Fees may dry up the postgrad pool

Reproduced with kind permission from Times Higher Education Supplement.

Leader: Fees may dry up the postgrad pool

Published: 04August2006

Seen from the perspective of an English university, the all-consuming question about top-up fees is the effect they will have on admissions over the next few weeks. There will be time enough to worry about possible changes in the relationship with students, let alone any moves to lift the cap on fee levels at the end of the decade. But the consequences of the change are still becoming apparent in a variety of areas. The sharp rise in inquiries from British students about places at American universities (page 3) is one immediate example. Relatively small numbers may cross the Atlantic for an undergraduate course in the end, but higher fees in England are making the US experience seem more affordable. The Ivy League will still be out of reach for all but the wealthy few, unless some form of financial support is on offer, but other universities will represent an attractive alternative to a UK degree for those who are willing and able to pay a little more.

On this side of the Atlantic, the debate is political as much as academic. The Tories have already bitten the bullet and abandoned their opposition to top-up fees, and now it is the Liberal Democrats' turn to agonise about their policy. Dropping the party's plans for a 50p top rate of tax would make the promise of free tuition hard to sustain (in England at least) but the fees pledge was such a central element of the Lib Dem programme that activists will be loath to change tack. In Scotland, it is out of the question for the party, just as it is for Labour. Indeed, the Scottish National Party is raising the stakes by proposing to scrap the graduate contributions scheme, reintroduce student grants and even cancel the existing debt from student loans. It is talking of a 100 million package to supplement the already considerable cost of keeping Scotland fee-free.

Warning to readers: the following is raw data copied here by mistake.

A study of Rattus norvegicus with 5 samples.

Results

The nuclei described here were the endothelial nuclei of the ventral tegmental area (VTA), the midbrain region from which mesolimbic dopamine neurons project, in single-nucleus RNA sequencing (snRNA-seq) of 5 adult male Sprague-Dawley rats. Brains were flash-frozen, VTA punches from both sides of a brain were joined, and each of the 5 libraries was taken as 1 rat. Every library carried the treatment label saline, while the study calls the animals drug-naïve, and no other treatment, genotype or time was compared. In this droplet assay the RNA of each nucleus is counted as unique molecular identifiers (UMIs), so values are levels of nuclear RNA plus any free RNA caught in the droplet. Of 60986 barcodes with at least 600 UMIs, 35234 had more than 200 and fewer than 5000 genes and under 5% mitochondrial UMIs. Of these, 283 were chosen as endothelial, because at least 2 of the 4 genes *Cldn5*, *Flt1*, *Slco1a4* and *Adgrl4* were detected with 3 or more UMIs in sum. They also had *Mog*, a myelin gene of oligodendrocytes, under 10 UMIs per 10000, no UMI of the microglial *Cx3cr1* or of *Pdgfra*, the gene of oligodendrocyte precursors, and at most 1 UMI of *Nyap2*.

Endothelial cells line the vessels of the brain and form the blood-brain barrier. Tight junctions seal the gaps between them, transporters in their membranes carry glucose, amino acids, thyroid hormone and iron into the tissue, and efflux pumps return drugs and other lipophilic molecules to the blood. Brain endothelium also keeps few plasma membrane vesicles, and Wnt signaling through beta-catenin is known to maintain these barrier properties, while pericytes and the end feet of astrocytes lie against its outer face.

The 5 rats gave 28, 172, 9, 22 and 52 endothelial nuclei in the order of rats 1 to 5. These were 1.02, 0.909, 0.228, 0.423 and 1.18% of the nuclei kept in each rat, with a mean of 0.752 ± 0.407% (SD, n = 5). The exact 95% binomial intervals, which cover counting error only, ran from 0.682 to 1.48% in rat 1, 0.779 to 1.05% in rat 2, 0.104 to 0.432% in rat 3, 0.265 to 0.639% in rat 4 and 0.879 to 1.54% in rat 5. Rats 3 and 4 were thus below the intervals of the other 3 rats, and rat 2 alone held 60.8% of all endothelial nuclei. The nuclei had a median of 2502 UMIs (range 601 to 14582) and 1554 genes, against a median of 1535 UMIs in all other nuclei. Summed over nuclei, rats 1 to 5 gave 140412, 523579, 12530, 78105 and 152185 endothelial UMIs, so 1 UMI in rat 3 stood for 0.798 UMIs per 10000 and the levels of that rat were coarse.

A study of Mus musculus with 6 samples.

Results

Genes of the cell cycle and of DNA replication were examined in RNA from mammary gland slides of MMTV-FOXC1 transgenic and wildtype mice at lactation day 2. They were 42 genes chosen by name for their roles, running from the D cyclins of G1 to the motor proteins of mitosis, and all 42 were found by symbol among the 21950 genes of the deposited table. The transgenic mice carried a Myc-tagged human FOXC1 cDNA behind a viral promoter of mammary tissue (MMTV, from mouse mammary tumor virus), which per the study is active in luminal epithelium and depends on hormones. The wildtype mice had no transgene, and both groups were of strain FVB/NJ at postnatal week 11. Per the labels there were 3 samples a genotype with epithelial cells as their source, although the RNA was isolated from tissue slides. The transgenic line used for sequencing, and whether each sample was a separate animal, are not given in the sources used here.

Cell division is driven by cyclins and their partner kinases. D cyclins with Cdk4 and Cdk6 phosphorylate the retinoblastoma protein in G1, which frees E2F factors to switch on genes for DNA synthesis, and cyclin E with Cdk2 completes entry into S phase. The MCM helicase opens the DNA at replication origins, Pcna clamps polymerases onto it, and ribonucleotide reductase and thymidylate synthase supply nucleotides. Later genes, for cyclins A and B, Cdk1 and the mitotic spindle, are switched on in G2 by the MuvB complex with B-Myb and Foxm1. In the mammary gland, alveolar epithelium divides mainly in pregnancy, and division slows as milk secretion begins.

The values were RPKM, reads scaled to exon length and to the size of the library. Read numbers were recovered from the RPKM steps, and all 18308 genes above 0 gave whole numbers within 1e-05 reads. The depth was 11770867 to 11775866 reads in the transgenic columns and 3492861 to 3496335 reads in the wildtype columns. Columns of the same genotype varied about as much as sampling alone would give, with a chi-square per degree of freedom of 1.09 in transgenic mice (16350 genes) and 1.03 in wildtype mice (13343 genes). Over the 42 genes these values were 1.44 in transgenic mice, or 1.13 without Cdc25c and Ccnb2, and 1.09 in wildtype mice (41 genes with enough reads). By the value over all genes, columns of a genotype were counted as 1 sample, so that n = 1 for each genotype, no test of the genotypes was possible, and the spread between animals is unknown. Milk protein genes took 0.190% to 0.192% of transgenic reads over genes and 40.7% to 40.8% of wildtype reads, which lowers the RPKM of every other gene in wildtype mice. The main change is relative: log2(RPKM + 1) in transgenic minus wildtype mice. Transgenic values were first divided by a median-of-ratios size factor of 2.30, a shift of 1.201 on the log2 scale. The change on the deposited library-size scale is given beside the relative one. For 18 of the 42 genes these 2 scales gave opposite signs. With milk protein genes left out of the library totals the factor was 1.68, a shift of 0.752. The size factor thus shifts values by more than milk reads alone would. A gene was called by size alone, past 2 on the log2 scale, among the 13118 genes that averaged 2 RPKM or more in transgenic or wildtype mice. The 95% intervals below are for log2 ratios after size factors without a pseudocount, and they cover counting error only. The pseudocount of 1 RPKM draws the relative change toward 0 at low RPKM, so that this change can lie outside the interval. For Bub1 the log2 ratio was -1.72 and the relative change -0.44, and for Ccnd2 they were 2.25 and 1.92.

The parties will find their own way out of the inconsistencies that devolution is throwing up. But the longer-term problems raised by the National Postgraduate Committee this weekwill be more difficult to solve. Undergraduate recruitment looks like surviving the top-up revolution, but it would not be surprising if greater damage was done to postgraduate courses. Polls tend to exaggerate the impact of higher fees on student behaviour, but there is no doubt that taking on extra debt after an undergraduate education will require even greater commitment in future. The likely effect on the pool of talent available for academic jobs is obvious. Until now, widening participation has been almost exclusively about undergraduate courses. But a more socially elitist academic community might have consequences for recruitment at all levels. The value of role models for underrepresented groups is well documented, and the matter will have to be addressed before the NPC's concerns become reality.